New York, May 5, 2009–A Mexican journalist who was critical of local authorities in the northern state of Durango was fatally shot by unidentified assailants on Sunday. In a piece published a day before the killing, the reporter wrote that he had been threatened by local government officials. The Committee to Protect Journalists today called on local and federal authorities to thoroughly and expeditiously investigate the crime.
Around 5 p.m. on Sunday, two pickup trucks intercepted Carlos Ortega Samper, a reporter for the Durango City-based daily El Tiempo de Durango, as he was driving home in the town of Santa María El Oro, 320 kilometers (200 miles) north of the state capital, colleagues told CPJ. Four unidentified individuals got off the trucks and pulled the reporter from his car, journalists at El Tiempo de Durango said. As Ortega resisted, his assailants shot him three times in the head with a .40-caliber pistol, according to press reports and CPJ interviews. Ortega, 52, died at the scene.
In an article published Saturday, Ortega alleged that Mayor Martín Silvestre Herrera and Juan Manuel Calderón Guzmán, the local representative for federal programs, had threatened him in connection with recent reporting on conditions in a local slaughterhouse. In the same story, Ortega wrote that he was investigating a local police officer, Salvador Flores Triana, for alleged corruption. The journalist said that the three men should be held responsible if anything were to happen to him or his family.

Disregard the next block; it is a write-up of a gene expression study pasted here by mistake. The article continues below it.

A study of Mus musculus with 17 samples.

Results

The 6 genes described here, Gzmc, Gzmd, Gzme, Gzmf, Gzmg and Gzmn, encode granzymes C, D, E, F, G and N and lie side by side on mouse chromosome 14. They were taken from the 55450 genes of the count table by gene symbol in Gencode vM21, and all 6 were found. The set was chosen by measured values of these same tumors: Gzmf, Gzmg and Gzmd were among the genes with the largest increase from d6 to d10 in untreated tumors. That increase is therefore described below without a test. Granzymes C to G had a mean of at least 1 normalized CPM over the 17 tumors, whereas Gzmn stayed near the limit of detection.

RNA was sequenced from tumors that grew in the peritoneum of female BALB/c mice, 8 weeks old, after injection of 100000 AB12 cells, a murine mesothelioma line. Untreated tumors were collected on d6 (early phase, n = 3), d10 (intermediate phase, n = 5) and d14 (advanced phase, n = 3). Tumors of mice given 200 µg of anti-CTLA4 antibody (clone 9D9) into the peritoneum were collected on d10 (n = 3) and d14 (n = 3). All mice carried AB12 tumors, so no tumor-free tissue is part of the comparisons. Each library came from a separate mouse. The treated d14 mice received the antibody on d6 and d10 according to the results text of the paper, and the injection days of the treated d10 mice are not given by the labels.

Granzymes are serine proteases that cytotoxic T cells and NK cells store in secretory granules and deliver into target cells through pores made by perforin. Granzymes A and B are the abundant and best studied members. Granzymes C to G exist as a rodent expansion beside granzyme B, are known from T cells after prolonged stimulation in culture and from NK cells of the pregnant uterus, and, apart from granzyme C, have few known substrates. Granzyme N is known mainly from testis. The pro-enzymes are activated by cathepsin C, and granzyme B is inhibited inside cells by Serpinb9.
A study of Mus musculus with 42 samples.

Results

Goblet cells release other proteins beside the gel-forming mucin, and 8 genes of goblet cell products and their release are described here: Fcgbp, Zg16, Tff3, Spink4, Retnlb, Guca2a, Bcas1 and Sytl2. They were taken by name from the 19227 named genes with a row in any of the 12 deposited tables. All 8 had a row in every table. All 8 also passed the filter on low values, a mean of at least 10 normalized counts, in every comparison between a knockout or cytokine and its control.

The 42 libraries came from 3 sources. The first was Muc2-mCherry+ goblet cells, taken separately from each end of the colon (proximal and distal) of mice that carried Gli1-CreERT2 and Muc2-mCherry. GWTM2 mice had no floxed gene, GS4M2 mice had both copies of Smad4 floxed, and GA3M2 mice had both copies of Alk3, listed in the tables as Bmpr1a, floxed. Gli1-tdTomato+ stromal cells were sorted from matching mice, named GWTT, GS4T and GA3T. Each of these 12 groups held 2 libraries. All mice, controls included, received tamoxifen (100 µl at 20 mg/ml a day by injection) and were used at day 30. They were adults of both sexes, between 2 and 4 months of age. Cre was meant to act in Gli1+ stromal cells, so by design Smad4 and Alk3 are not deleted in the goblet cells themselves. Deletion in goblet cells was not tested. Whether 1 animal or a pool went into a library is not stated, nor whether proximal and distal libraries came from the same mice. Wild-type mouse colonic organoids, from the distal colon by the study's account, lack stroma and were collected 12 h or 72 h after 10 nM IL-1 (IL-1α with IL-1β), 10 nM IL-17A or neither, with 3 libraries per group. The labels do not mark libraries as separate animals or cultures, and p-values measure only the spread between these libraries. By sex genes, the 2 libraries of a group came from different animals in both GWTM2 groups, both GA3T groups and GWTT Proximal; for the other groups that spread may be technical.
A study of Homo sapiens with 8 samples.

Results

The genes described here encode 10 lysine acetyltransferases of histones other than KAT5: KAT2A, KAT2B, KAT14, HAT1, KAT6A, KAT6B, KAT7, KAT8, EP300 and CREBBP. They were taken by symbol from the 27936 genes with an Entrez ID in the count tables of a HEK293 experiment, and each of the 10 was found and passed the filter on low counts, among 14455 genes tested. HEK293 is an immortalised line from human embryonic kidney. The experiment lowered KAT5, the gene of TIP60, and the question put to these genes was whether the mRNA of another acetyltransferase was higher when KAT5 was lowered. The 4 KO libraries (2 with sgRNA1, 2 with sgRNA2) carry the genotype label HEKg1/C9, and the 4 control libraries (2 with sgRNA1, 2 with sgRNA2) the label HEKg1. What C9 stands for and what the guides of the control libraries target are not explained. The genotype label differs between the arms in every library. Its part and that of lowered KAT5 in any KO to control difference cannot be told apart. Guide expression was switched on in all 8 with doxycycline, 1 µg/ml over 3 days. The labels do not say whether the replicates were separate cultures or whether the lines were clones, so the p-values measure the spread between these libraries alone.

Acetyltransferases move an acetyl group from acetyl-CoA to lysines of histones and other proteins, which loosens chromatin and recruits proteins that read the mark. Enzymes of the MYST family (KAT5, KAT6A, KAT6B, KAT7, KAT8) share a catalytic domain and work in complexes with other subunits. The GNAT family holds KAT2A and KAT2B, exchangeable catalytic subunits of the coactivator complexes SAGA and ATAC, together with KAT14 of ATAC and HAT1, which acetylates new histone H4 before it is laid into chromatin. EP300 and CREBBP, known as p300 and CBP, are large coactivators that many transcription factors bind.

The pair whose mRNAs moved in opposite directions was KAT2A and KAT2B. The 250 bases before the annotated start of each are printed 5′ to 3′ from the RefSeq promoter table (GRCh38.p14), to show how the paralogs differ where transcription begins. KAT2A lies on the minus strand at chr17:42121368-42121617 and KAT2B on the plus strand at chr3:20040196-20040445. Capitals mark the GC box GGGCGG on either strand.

Ortega, also an attorney, had worked as the Santa María El Oro correspondent for El Tiempo de Durango for less than a year. His editor, Saúl García, told CPJ that he believes Ortega was killed in retaliation for his reporting on local government corruption. However, he said he could not pinpoint a specific story.
“We are shocked by Carlos Ortega Samper’s killing,” said CPJ Executive Director
García told CPJ that the state attorney’s office was investigating Ortega’s murder. Authorities have not made a motive public.
Government offices in Santa María Del Oro were closed today for a national holiday, and CPJ could not reach any of the officials named by Ortega at their workplaces. Repeated calls to Calderón and Silverstre’s homes went unanswered. A woman who answered Flores’ phone and identified herself as his wife said he was not at home.
Coverage of the killing in the Mexican press made reference to Ortega’s last story and his accusations against the three officials. The stories did not quote the officials as responding.
According to CPJ’s annual survey, Attacks on the Press, Mexico is one of the most dangerous places for journalists in the world. Since 2000, 25 journalists have been killed, at least eight in direct reprisal for their work. In addition, seven journalists have disappeared since 2005. Most covered organized crime or government corruption.
CPJ research has found that local and state authorities in Mexico have been ineffective in solving press-related cases and, in some instances, have been complicit in the crimes. In June 2008, a CPJ delegation met with President Felipe Calderón, who expressed support for federal legislation protecting free expression. In April, the Mexican Chamber of Deputies approved a measure imposing penalties for crimes against “journalistic activity.” The bill has stalled in the Senate.